Board of trustees and student government grapple for funds

Jenny Gonzalez

In light of growing deficits, the Board of Trustees is on the hunt for extra money and may be looking to tap into some funds that were previously allocated to ASCC.

It’s Sept. 6 meeting, the board reviewed a “Request for Proposals for Food and/or Concession Services” item that allows the board to review the RFP’s for the 2018-19 budget.

Because it was an informational item, no action was taken, however, Trustee Marisa Perez felt that the board should explore “all revenue sources.”

The total of the food vendors, bookstore and vending machines commissions is roughly $295,000 that can be affected each year, for the next three years, if the board decided to pursue the reallocation of that 10% the district typically grants to ASCC.

In the amount of food vendor gross sales per month — 10% goes to ASCC, while 1% goes to the school district.

The 10% translates to approximately $160,000.

Currently, $135,000 is being redistributed to the Cerritos College Gift Campaign, which is being diverted from the bookstore sales and vending machine commissions.

ASCC Vice President David Ramirez said, “Historically, we have always received that 10% to provide services to the students.”

He is upset that the board members may want to look into redistributing the 10% to reduce the college budget’s deficit of $3.6 million.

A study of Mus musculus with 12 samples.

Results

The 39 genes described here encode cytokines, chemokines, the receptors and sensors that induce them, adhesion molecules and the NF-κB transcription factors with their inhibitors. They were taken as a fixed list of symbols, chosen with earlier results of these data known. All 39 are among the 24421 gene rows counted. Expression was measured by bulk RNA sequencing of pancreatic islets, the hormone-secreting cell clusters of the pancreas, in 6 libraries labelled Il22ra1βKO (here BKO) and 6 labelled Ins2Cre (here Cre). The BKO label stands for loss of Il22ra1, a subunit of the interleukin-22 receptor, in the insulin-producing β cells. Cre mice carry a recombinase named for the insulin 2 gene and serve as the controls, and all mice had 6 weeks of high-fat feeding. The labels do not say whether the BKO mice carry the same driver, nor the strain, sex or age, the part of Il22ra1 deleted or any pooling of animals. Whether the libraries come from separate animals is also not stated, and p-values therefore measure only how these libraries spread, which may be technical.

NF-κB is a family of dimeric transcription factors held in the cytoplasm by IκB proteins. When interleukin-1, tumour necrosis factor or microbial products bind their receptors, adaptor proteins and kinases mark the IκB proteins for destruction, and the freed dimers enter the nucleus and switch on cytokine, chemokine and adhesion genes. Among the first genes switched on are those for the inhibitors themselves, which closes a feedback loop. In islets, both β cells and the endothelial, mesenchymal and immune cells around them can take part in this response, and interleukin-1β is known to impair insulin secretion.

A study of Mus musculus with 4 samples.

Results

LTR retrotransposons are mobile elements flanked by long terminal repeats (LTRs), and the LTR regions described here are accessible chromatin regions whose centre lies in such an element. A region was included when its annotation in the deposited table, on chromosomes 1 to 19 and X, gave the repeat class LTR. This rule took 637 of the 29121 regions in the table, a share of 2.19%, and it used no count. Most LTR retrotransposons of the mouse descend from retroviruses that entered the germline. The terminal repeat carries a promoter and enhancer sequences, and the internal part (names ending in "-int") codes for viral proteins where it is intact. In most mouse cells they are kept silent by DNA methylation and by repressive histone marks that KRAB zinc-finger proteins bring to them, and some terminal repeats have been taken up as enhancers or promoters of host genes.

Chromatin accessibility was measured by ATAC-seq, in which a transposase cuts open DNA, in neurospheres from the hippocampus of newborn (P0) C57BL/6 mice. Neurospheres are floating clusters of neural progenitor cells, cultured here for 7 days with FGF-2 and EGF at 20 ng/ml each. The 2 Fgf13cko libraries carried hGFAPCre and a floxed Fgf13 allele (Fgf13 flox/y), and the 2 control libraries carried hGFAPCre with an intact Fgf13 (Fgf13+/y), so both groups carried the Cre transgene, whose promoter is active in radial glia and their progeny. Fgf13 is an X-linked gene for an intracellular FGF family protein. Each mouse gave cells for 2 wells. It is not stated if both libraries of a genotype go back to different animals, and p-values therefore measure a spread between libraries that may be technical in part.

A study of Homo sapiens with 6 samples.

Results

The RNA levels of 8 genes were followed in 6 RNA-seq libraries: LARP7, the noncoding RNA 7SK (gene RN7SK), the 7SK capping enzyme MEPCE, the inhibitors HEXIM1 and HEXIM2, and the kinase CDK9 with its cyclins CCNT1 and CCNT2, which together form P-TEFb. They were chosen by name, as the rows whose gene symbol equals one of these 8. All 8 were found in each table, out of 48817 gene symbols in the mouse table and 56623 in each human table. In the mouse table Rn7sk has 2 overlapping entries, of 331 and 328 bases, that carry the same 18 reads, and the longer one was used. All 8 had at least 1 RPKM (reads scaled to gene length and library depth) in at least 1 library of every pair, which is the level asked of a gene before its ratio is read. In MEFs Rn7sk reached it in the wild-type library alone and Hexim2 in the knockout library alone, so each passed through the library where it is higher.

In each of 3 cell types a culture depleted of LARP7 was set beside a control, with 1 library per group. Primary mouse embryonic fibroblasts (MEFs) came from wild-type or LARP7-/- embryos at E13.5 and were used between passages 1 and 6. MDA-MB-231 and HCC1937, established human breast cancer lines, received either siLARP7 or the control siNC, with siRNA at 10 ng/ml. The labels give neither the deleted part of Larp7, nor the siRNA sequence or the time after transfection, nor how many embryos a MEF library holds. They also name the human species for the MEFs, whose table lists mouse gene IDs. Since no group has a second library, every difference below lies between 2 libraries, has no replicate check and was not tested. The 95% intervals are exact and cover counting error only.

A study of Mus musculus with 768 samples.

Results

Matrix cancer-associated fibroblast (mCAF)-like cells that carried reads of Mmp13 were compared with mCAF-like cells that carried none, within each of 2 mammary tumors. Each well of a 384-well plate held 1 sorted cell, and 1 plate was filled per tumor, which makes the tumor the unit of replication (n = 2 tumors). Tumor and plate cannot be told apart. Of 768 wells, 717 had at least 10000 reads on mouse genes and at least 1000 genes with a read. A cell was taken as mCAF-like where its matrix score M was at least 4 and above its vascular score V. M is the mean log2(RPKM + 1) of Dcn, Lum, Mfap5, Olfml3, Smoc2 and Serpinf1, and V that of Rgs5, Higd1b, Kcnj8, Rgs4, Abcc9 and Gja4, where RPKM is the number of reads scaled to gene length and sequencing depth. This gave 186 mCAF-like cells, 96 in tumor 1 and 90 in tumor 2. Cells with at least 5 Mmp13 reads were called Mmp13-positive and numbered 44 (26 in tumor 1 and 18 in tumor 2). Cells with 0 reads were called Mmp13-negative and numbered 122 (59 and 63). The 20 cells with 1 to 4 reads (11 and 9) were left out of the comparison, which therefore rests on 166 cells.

Student Trustee Raul Avalos spoke against any exploration of reallocating the fund receives.

If the board takes that money from ASCC, it will prevent the students from receiving a better experience as the money taken would affect all areas of the ASCC budget.

Avalos has asked the board not to touch the money.

“That 10% will reduce [the] ASCC budget which will cause [reduced] spending on clubs, events, athletics and so on,” Avalos said.

However, Perez feels that the way the money is allocated should be discussed “across the campus as we re-bid our food services contract and re-negotiate these contracts.”

She mentioned that the students and employees are required to weigh in on a direction which will be “forwarded to the board for consideration.”

In order to offset the reduction of revenue, non-academic fees would have to be increased by $10.

Ramirez encourages students to talk to their trustees and advocate for ensuring that the money will remain in students’ hands.